Republicans, at long last, are coalescing around a broad Obamacare replacement plan, set to be released by House leadership later this month. While Republicans will undoubtedly use it to pummel vulnerable Democrats in November, the $1.4 trillion question is really what happens after November.

You might think that there’s no middle ground between repeal and replace, and repeated Democratic claims that they want to “tweak” or “fix” the law but will not roll it back. The reality is much more complicated. First, Republicans might take back the Senate, but they’re not getting a veto-proof supermajority. That ties their hands at least until there’s a Republican White House (i.e., 2017), in terms of repeal and replace.

Democrats, on the other hand, can’t help but notice that President Barack Obama has twisted the black letter law of the Affordable Care Act into an origami pretzel to avoid blowback from millions of canceled policies and irate businesses stung by the law’s expensive mandates and penalties. Every day brings another Obamacare delay, a tacit acknowledgement that the law is too heavy on mandates, regulations and penalties, and too light on provisions that lower insurance and health care costs for families, businesses and consumers.

The facts on the ground bear this out. Surveys of the most recent enrollees suggest that less than one-third were previously uninsured, with the remainder re-enrolling in exchange coverage to take advantage of taxpayer subsidies.

Many of the uninsured are finding Obamacare insurance too expensive and are opting to remain uninsured. The result: More than a decade from now, the Congressional Budget Office estimates 30 million Americans will remain uninsured — despite the U.S. government spending more than a trillion dollars on expanding Medicaid and new insurance subsidies.

One bipartisan solution to the cost problem is to deregulate the Obamacare exchanges, offering more competition, more choices and better transparency, allowing individuals and families to pick plans that meet their real needs.

Sens. Mark Warner, D-Va., and Mark Begich, D-Alaska, have already taken a critical step in this direction. They’ve offered legislation that would create a new tier of insurance on the exchanges, “Copper Plans”, with lower actuarial values and thus lower premiums. To take full advantage of this change, Congress should raise caps on out-of-pocket deductibles, offer plans with fewer mandatory benefits and allow subsidies to flow to people who pick Copper plans.

There’s clearly an appetite for these plans, which could cost 30 percent less than Silver plans — currently the benchmark for exchange coverage. At eHealthInsurance, a private health insurance exchange, less expensive Bronze plans are almost twice as popular as Silver plans; as a share of total enrollment, far more young people (39 percent versus 25 percent) are buying insurance from eHealth than Obamacare’s public exchanges, too. Bottom line: If you want the remaining price-sensitive uninsured to buy coverage, offer cheaper options.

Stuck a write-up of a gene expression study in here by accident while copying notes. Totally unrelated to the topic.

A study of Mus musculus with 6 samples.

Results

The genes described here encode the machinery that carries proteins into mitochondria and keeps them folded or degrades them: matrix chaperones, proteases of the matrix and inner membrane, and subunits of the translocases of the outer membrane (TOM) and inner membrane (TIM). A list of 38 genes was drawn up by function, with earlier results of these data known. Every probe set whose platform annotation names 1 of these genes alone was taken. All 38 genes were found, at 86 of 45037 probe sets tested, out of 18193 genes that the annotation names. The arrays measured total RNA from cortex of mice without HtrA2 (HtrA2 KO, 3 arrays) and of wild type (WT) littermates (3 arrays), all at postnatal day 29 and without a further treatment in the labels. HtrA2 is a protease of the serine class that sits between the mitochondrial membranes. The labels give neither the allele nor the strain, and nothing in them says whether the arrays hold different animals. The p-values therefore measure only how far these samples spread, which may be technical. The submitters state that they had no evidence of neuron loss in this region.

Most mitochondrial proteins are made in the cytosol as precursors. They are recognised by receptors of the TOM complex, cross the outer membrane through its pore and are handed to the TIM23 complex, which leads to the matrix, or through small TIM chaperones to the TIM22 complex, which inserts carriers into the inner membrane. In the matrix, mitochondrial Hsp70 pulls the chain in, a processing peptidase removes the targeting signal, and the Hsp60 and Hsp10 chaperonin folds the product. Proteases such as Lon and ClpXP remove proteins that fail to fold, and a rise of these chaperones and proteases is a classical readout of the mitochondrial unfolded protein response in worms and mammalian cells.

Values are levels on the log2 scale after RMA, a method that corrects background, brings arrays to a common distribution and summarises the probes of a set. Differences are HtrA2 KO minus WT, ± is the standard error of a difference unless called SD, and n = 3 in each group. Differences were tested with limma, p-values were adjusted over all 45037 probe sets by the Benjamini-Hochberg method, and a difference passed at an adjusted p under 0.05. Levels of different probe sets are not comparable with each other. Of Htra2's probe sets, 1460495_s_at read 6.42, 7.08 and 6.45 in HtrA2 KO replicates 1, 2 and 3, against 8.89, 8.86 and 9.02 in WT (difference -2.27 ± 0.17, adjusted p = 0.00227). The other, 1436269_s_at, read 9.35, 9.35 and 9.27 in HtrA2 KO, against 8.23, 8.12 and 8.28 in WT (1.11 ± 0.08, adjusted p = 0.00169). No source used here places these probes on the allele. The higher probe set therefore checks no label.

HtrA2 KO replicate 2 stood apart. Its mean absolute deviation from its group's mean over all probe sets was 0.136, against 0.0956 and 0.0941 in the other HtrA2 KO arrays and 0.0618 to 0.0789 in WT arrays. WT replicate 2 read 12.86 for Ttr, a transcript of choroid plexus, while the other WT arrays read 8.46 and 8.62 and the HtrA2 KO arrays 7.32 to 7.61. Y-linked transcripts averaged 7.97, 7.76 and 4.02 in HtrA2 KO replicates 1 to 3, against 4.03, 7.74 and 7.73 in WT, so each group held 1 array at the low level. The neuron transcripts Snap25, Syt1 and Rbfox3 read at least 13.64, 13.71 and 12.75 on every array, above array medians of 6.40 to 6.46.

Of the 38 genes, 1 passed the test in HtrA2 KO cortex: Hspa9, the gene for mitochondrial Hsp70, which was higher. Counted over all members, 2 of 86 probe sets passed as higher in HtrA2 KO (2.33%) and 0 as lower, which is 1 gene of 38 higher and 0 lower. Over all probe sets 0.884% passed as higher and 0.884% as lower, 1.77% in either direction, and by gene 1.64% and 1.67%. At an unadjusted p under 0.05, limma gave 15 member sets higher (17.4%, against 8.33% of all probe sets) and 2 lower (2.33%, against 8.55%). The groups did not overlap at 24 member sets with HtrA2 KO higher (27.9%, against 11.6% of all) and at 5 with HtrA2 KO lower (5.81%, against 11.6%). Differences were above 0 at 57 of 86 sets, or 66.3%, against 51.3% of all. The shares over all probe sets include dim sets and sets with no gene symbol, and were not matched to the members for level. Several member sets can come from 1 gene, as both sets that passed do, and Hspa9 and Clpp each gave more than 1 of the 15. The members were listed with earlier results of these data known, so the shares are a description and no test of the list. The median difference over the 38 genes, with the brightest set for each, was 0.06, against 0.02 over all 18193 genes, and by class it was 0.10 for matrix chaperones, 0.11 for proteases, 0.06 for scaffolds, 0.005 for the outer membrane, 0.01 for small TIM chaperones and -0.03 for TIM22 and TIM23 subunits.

Several other changes would noticeably expand the market for more affordable coverage. First, allow government subsidies to flow through private exchanges. Companies now operating in the private exchange space, like Aon Hewitt, might be able to set up and run exchanges more efficiently than current state or federal exchanges. They could also offer “wrap-around” coverage — such as disability or indemnity insurance — that pair well with low-cost, high deductible plans.

Finally, all exchanges should be required to clearly and simply label plans that are eligible for health savings accounts. This would likely require simplification of existing HSA rules at the federal level, while allowing anyone to build up, tax free, money to set aside against future health care costs. (To equalize the tax treatment of health care spending, people should also be allowed to pay premiums out of their HSAs.)

Over time, these changes would help transform the health insurance market into a truly individual market, where plans would have to compete to keep your business and individuals would have an incentive to stay with plans offering the best care at the best price. On issues like pre-existing conditions, both parties already agree there is no going back to the pre-Obamacare status quo. President Obama has already re-written large swaths of the law through executive fiat. After November, Congress should recognize the “facts on the ground” and offer millions more families more affordable coverage options. Neither party will be able to claim total victory, but both could claim that they were fixing the law’s most pressing flaws. The rest of the debate can be settled in 2016.

Paul Howard is a senior fellow and director of the Center for Medical Progress at the Manhattan Institute.